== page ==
Indiana Creates First Gender Studies Ph.D.
The last decade has seen the number of women's studies Ph.D. programs grow to at least 10 -- most of them relatively new. Last week, Indiana University's board approved the creation of a program that will be both similar and different from those 10: the first doctoral program in the United States exclusively in gender studies.
Suzanna Danuta Walters, chair of the program, said that while gender studies should not be seen "as in any way in opposition" to women's studies, the Indiana program would be different in key ways: a strong interdisciplinary emphasis, core courses that focus on gender broadly, extensive connections with biology and other hard science departments, and courses and research projects on topics -- such as sexuality, masculinity and transgendered people -- that might not fit as neatly in a women's studies rubric.
The Indiana program will also feature faculty members and research projects from the Kinsey Institute for Research in Sex, Gender, and Reproduction, which is also located on Indiana's Bloomington campus.
The three areas of concentration in the new program, Walters said, reflect its approach. They are medicine, science and technologies of the body; sexualities, desires and identities; and cultural representations and media practices. All students will complete five required courses, of which one is on feminist theory, with the others focusing on gender more broadly. For example, Walters along with a biopsychologist will be co-teaching a course on sexualized genders and gendered sexualities.
The breadth of approaches to gender is a big part of what will set the Indiana program apart from women's studies Ph.D. programs, Walters said. "We're going to have what I would call a deep interdisciplinarity or a transdisciplinarity," she said. Walters acknowledged that women's studies has almost by definition been interdisciplinary, but she said "what often happens is that there is a nod to interdisciplinary work and then you have your women's studies humanities course and your women's studies social science course and you take a little from column A and a little from column B and that's it."
Walters expects to have about seven students admitted in the fall, with five to seven students following each year. Asked if she expects to have more men -- as students and faculty members -- than a women's studies Ph.D. program would, she said, "there's no question about it," adding that the department's undergraduate program attracts both male and female students with courses on topics such as masculinity and "gender in all of its permutations."
On the importance of calling a program gender or women's studies, Walters said the different name reflects "a somewhat different direction," but she said that what many women's studies programs study is in fact gender. "The analytic category we are working with is gender, so I think there is more intellectual logic in calling it gender. I see it as the beginning of feeling a little more secure in the academy, about being inclusive, about broadening the horizons."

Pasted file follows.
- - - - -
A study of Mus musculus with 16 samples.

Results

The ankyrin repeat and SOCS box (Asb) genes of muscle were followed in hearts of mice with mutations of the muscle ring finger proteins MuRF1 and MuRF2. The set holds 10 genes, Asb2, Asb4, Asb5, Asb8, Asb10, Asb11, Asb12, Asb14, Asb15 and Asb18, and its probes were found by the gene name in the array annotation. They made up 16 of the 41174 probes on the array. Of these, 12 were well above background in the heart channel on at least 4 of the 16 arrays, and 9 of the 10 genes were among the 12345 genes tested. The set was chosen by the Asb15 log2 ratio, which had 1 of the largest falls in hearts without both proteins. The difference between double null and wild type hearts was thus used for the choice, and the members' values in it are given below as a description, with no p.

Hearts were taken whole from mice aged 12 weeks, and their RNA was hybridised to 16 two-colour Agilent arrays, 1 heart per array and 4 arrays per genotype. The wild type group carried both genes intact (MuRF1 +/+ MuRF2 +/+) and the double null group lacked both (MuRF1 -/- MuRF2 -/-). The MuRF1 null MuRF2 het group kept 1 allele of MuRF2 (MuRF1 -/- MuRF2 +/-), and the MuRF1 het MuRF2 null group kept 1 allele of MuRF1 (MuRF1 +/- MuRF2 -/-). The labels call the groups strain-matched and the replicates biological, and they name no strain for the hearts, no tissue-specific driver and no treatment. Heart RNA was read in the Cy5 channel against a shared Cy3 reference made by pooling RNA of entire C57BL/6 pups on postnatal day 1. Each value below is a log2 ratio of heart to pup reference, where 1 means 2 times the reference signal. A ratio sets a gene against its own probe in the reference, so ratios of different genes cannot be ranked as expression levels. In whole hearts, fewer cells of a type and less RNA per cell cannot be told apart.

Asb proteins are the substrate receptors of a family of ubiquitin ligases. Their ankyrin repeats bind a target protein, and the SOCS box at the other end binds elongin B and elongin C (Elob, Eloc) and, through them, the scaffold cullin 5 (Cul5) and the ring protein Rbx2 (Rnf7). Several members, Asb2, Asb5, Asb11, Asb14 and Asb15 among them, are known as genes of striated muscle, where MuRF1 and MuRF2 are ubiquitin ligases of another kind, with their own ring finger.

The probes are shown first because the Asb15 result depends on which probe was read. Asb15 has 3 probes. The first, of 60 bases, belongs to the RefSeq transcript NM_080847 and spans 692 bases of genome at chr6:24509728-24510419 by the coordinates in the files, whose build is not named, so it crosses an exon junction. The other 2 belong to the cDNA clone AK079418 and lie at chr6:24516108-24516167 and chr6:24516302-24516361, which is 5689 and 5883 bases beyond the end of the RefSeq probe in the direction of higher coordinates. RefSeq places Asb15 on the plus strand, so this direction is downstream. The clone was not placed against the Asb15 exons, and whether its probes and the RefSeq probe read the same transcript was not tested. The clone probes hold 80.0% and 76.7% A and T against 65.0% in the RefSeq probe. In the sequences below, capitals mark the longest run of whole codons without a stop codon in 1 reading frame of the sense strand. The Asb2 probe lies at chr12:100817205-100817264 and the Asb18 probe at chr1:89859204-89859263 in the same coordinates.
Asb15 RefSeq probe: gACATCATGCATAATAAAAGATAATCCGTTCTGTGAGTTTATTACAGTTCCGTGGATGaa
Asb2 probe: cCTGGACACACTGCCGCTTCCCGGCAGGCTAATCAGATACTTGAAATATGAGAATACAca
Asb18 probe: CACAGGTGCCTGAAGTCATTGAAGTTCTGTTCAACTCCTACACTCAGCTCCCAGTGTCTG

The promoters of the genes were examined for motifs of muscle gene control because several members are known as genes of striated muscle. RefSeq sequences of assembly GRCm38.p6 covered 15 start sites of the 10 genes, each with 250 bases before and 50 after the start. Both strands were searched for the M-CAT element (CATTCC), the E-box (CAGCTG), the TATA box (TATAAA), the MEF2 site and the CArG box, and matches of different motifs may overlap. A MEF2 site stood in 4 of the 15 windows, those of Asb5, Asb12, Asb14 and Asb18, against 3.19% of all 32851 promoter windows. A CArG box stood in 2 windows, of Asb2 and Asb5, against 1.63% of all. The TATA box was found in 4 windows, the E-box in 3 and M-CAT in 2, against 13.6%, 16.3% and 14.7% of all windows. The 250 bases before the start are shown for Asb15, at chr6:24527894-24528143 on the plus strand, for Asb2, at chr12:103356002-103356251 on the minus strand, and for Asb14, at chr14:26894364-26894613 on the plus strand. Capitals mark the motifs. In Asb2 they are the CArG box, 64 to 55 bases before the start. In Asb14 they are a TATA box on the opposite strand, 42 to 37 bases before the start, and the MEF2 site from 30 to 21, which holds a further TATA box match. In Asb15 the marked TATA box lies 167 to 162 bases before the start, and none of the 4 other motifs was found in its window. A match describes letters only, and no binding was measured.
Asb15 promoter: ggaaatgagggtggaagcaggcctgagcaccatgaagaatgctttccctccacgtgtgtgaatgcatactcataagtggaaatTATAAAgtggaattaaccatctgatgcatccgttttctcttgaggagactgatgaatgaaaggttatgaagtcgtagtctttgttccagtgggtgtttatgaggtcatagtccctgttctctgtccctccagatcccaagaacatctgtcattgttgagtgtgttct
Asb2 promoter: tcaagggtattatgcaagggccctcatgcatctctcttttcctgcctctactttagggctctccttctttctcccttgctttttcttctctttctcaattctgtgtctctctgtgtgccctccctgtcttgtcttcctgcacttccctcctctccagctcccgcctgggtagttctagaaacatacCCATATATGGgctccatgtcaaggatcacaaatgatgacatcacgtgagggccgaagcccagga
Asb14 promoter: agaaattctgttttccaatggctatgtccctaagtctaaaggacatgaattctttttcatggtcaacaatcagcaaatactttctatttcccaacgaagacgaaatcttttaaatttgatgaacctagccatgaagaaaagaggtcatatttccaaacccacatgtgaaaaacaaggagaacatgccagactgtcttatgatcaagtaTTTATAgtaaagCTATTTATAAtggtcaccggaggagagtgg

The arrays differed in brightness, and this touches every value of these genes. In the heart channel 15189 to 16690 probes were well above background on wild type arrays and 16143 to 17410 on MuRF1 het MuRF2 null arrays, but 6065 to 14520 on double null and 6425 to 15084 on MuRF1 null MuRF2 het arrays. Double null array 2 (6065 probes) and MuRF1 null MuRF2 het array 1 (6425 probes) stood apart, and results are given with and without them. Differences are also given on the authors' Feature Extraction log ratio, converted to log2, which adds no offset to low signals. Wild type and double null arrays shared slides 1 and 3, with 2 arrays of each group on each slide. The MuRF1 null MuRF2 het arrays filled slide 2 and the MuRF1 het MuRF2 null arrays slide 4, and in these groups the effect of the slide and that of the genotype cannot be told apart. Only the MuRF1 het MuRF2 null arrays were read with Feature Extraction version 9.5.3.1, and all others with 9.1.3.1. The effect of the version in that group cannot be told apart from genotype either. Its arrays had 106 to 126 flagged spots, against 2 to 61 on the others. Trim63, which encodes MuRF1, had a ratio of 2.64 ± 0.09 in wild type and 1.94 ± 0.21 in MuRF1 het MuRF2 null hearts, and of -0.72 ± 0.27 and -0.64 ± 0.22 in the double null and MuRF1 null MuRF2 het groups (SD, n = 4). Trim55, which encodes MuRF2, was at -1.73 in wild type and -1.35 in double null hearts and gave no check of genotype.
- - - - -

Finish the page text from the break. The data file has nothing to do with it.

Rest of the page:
Of the existing Ph.D. programs in women's studies, one of them -- at Rutgers University -- includes gender studies in its name as well. Joanna Regulska, the chair at Rutgers, said that faculty members there included the gender name to reflect the research and teaching agenda it reflects. But she said that faculty members felt strongly about keeping women's studies in the name.
"I think what these names reflect is the larger debate in the field: Are we at the moment when we can afford to subsume the name women under gender?" Regulska said. "Many of us felt we should retain both. Given the obvious struggles that women have continuously fought to achieve visibility, this is not a moment when we can concentrate on gender and make women invisible in the process."
Regulska and other women's studies professors stressed that they had a lot of respect for the Indiana faculty and had no doubts about its commitment to feminism and scholarship about women.
Judith Roy, coordinator of the women's studies program at Century College and president of the National Women's Studies Association, said that some scholars fear that a shift from the women's studies name will result in "a change in emphasis," although she said that she believed that in Indiana's program, "women-focused studies will be a very strong part."
Roy said that other programs calling themselves gender studies instead of women's studies may have motivations beyond scholarly focus. "There is a political element to this," she said. "Sometimes I think we find that higher education institutions administratively prefer the term gender studies, thinking that it is less politically charged and has a broader, more inclusive meaning."
Allison Kimmich, executive director of the women's studies association, said Indiana's move was smart marketing. "They can establish their niche in a field that is becoming crowded by identifying themselves in a different way," she said.
Kimmich said that of the 400 departments that are in her association, the vast majority are called women's studies, followed by women's and gender studies, with gender studies a distant third. She cautioned against reading too much into the different names of different programs. While there are "larger philosophical debates" about the direction of the field and how it should refer to itself, there are plenty of courses, professors and research projects that would fit in programs with different names, she said.
"There is a spectrum of how the field perceives of itself and what kind of work is done in the field. There may be certain kinds of work that is more characteristic of what we would call women's studies and certain kinds that are more characteristic of gender studies," but some of each type of that work can be found in either program, she said. So being named one thing or another "may mean something or may mean nothing."